Critical Pharmaceuticals and The University of Nottingham announced a collaboration to develop a nano-enabled intranasal formulation of teriparatide for the treatment of osteoporosis. The Technology Strategy Board and the Engineering and Physical Sciences Research Council (EPSRC) are supporting this project with £545,000 in grant funding as part of their investment in nanoscale technology-enabled solutions in healthcare.
Teriparatide currently needs to be injected every day. The consortium will exploit a recent discovery in nanotechnology to develop a nasal spray formulation of teriparatide that is easy to administer by patients and provides optimal drug plasma levels to enhance efficacy.
Critical Pharmaceuticals’ CriticalSorb™ nanotechnology is an absorption promoter designed to enable the nasal delivery of biological and small molecule drugs. Using conventional manufacturing technologies and delivery devices, possible formulation presentations include liquid nasal sprays or powders for nasal administration. The partnership will leverage this platform along with The University of Nottingham’s leading capabilities in clinical and basic research in osteoporosis, including expertise in imaging drug deposition and clearance.
CriticalSorb is a pharmaceutically acceptable excipient approved by the FDA as generally regarded as safe (GRAS). It is used in currently marketed products as a solubility enhancer for intravenous and oral administration. In preclinical toxicology studies, CriticalSorb has been found to be nontoxic and not irritating to the skin or eyes and was well tolerated by the nasal mucosa in acute, 14-day, and 6-month repeated-dose chronic toxicity studies, the company reports. Furthermore it is not mutagenic to bacteria, mammalian cells, and mammals, and no developmental toxicity or teratogenicity has been found, Critical Pharmaceuticals adds.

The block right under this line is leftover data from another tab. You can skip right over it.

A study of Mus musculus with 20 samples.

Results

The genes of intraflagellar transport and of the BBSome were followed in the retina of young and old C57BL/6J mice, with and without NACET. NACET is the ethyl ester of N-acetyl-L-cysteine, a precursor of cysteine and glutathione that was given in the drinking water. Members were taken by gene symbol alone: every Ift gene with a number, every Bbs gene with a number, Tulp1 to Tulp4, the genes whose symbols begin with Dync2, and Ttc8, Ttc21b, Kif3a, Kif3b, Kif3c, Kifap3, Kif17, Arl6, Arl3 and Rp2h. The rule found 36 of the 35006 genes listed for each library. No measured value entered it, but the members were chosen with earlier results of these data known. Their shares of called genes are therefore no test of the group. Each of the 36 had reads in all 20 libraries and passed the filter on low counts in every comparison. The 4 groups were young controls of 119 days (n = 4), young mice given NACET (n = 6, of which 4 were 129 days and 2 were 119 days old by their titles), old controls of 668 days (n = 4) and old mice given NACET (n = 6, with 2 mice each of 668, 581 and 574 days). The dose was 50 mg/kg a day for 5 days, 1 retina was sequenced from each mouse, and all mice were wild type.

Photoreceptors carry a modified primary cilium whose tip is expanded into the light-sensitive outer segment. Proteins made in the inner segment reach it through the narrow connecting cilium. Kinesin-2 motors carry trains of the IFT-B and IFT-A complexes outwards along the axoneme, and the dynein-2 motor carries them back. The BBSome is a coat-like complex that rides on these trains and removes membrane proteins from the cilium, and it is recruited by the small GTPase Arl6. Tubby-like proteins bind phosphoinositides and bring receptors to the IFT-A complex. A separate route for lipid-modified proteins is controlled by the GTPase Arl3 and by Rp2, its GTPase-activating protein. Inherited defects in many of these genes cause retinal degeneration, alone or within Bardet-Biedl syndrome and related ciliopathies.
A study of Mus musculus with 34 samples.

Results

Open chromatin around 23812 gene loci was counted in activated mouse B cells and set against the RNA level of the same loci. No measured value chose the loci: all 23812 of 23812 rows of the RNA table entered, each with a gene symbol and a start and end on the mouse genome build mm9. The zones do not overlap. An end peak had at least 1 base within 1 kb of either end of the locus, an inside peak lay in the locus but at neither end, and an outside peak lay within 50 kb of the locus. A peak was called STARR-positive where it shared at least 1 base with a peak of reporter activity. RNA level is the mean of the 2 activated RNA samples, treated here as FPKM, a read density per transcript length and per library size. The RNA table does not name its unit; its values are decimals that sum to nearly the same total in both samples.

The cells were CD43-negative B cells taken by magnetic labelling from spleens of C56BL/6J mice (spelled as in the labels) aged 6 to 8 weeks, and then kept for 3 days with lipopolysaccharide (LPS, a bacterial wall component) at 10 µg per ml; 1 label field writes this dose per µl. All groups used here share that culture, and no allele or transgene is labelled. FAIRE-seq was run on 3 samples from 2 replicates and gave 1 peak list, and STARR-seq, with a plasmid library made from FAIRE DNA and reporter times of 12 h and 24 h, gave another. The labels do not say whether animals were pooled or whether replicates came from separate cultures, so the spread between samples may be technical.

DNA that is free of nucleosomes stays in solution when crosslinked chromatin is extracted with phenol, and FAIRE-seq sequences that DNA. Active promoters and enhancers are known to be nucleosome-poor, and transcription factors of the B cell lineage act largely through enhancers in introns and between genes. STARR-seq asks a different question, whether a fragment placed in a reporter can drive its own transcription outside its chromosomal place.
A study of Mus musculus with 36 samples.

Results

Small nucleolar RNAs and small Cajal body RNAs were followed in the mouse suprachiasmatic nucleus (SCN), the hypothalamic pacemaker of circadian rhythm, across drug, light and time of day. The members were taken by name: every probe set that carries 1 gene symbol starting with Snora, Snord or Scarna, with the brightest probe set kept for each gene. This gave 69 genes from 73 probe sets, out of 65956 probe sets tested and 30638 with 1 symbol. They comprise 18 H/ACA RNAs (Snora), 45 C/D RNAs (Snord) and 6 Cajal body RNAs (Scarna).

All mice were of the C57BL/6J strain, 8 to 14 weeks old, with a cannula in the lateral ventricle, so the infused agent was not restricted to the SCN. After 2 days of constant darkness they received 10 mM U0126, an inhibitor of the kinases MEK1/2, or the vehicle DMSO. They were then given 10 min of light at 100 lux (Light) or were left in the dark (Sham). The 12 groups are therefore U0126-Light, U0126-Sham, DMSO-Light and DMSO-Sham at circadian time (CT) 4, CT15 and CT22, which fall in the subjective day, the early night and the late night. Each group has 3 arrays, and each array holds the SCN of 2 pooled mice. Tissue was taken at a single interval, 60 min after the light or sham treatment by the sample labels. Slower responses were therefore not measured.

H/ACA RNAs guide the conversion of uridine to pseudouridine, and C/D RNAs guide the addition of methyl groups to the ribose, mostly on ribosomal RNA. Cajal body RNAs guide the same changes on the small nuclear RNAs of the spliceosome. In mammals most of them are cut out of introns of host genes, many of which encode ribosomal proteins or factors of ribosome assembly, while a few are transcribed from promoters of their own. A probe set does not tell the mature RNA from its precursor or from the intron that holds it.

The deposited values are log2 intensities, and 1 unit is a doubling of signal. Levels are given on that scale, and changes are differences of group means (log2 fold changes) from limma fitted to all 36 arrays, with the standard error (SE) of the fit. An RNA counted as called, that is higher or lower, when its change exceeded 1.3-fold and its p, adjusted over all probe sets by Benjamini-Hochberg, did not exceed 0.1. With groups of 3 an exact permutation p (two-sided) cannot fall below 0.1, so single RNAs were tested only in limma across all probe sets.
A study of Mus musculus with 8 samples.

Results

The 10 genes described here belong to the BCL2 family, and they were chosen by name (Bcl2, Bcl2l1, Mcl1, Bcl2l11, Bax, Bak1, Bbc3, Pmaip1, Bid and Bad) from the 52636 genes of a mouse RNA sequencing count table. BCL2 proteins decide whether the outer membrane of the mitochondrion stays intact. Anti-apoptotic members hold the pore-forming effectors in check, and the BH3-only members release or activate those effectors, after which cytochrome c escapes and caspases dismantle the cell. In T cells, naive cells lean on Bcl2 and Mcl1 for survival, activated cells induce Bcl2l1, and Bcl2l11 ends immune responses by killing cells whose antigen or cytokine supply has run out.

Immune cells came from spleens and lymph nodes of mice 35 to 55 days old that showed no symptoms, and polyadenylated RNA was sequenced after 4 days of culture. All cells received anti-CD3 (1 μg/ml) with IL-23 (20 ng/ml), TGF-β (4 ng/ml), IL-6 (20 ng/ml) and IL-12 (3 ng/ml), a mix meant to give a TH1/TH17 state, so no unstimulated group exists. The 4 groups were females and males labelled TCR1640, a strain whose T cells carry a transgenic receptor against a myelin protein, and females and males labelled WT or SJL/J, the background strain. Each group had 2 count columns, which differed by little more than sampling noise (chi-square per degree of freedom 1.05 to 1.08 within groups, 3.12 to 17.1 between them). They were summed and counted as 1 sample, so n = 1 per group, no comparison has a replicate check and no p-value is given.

Critical Pharmaceuticals has used the technology to develop CP024, a nasal growth hormone product in Phase I development, and also with insulin and two partner programs that involve peptide drugs. The bioavailability of intranasal insulin using CriticalSorb is approximately 100% relative to subcutaneous injection and compared to <1% without CriticalSorb, according to Critical Pharmaceuticals.
Clinical proof of concept has been established for CP024 and the CriticalSorb technology. In a Phase I trial CP024 was shown to be well tolerated and able to induce insulin-like growth factor 1 (IGF-1) to the same levels as a subcutaneous injection of the marketed product.